The pandemic was an opportunity for Victor Hernandez to change his life.
With newsrooms shut down and most people staying at home, he saw the opportunity to expand his career, enrolling in an online course offered by West Virginia University, NEWSTART, for people who are interested in owning and operating their own independent daily or weekly news outlet.
The capstone project for the class was another unexpected opportunity, resulting in his recently published guide, “Philanthropy & Newsroom Positions Playbook,” showing how journalists and newsrooms can find funding to help support hiring additional staff for the short- and long-term.
“It was a wonderful intersection of needing to satisfy a major research endeavor but also solving a right now, relevant challenge I was facing in my professional life,” says Hernandez, who is now the chief content officer at WBUR, Boston’s NPR station, but was working at Cascade Public Media in Seattle in the earlier days of the pandemic.
“As executive editor there, overseeing a diverse newsroom of 30 journalists and digital reporting, I was exposed to grant opportunities and funding opportunities to add to the scope of our newsroom in a temporary termed basis. I was new to public media, my background is in commercial broadcast stations. … I wasn’t clear on the best way to proceed and how to apply for certain programs.”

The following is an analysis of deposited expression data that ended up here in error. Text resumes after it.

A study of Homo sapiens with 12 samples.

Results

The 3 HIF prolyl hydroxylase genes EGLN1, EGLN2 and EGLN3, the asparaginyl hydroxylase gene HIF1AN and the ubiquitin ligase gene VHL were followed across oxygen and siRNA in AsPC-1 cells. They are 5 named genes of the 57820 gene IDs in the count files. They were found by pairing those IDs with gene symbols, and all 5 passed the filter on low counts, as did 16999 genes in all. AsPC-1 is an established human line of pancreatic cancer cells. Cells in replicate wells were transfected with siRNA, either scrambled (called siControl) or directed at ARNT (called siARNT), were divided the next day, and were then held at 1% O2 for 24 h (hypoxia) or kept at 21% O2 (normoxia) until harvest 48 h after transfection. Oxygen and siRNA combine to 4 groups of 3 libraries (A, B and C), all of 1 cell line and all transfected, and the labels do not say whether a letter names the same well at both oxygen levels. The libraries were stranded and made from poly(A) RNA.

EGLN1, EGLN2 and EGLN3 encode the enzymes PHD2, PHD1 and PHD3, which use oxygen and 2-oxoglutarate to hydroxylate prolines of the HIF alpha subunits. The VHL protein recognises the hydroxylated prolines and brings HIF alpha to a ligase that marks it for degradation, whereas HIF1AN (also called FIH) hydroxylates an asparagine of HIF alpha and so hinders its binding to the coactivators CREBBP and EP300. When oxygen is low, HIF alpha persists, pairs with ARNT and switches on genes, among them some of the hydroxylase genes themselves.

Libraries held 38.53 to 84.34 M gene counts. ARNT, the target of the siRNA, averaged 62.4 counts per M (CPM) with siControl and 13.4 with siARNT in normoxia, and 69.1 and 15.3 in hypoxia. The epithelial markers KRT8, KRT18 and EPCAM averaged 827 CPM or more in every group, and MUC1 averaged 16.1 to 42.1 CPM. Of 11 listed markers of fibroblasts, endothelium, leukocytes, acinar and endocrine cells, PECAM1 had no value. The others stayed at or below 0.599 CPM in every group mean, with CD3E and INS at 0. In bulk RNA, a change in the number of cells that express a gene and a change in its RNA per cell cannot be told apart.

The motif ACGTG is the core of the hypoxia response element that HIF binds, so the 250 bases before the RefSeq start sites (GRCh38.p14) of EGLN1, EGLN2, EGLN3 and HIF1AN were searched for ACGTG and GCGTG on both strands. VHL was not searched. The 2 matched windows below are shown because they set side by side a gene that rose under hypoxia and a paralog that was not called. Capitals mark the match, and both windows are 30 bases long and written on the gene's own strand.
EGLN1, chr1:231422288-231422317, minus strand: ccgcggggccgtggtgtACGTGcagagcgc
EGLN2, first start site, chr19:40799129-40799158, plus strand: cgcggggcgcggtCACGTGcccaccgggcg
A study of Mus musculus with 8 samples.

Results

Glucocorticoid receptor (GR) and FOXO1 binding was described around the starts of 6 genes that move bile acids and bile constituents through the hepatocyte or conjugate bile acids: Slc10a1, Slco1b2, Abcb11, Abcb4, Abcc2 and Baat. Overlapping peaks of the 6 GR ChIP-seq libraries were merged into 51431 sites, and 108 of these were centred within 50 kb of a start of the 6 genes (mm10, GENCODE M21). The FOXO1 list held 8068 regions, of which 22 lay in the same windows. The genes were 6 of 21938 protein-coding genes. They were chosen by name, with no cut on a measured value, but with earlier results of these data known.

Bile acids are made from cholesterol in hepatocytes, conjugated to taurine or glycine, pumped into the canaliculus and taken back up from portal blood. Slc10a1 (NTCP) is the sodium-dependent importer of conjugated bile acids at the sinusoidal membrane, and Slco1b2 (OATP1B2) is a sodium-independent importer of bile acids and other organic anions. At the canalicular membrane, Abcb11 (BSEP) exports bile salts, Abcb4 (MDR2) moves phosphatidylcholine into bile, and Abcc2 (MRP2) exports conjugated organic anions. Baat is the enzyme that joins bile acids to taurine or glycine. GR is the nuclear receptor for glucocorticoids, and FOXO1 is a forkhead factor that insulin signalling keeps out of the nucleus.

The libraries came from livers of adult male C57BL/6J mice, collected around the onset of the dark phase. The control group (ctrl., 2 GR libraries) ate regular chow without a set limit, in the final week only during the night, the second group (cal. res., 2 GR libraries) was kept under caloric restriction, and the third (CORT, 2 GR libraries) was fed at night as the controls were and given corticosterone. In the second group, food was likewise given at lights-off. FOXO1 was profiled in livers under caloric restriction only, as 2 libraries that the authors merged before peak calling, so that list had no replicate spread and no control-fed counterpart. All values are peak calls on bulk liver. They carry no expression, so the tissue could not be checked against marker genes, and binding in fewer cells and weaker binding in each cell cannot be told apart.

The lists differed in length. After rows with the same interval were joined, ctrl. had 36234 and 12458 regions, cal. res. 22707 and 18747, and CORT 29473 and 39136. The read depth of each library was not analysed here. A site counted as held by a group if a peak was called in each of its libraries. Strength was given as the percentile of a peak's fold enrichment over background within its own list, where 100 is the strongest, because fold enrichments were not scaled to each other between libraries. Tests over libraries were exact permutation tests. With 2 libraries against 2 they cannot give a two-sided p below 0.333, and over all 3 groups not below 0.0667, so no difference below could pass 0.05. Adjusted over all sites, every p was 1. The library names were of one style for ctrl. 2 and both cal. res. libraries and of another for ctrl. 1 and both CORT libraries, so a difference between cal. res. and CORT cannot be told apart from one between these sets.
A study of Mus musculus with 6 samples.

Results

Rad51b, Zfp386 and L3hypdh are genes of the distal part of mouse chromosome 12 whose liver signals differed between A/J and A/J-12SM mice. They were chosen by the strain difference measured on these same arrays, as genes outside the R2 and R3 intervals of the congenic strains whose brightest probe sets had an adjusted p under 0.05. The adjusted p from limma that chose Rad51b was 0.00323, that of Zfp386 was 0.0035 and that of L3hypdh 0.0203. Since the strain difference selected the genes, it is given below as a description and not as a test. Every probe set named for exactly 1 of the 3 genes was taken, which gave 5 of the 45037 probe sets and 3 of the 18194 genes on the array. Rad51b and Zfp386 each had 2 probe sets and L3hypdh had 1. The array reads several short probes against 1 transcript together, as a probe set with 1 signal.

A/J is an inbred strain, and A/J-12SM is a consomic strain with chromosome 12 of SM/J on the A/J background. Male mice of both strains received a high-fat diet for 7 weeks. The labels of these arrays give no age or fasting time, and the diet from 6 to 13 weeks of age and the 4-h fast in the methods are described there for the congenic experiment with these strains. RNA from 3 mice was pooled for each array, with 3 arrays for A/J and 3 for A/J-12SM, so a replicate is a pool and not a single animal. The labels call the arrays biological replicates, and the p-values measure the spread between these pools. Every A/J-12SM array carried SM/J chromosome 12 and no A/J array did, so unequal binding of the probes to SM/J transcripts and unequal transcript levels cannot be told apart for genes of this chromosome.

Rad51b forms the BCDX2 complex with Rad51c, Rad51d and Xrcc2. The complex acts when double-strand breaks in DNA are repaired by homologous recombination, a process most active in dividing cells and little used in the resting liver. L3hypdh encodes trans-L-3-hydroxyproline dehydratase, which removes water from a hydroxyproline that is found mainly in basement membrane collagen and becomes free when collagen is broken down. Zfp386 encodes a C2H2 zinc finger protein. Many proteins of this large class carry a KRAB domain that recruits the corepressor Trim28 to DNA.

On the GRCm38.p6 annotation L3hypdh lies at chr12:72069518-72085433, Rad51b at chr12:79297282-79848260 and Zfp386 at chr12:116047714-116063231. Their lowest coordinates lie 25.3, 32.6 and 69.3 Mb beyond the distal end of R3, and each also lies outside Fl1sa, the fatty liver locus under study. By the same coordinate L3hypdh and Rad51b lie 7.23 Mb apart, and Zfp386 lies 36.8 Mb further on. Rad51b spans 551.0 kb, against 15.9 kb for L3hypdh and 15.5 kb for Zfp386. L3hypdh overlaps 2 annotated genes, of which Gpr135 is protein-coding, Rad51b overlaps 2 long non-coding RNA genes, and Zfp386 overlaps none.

More than 10 percent of his newsroom staff were in positions funded by foundations and grant support and he was told at the time that a “good number” was in the 10-15 percent range. “Anything north of that would be taxing and difficult to support over time,” given the arduous nature of filling out the grant applications and the process to get those requests fulfilled, he says. But he wondered where that idea came from and called friends in similar newsroom positions to see what their experience was like.
“There was not an alignment on what the appropriate balance of how many of these roles you should have and what the best strategies were to not just take one or two positions a year, but to develop into fully operationalized roles within your organization, so you’re not just getting one-shot wonders, a nice boost, and then you come back to earth in a year,” Hernandez says. “I couldn’t find an industry guide book, there was nothing I was aware of, at least recently, to develop frameworks and measure the impact of these reporters as they arrive and how you provide for success in what they’re doing temporarily so they can be sustained.”
Hernandez decided to take that knowledge gap on himself and created his playbook.
“The playbook is a collection of perspectives on different levels,” he says, and it includes a series of conversations with people who have successfully brought one- or two-year contract reporting positions, like those offered through programs such as Report for America, and made them full-time permanent jobs within a newsroom, often with a focused and singular beat.
Victor Hernandez, chief content officer at Boston’s NPR news station WBUR, went back to school to bolster his digital skills. In the process, he wrote the “Philanthropy & Newsroom Positions Playbook,” which serves as a guide on how journalists can find funding to help them support their journalism efforts.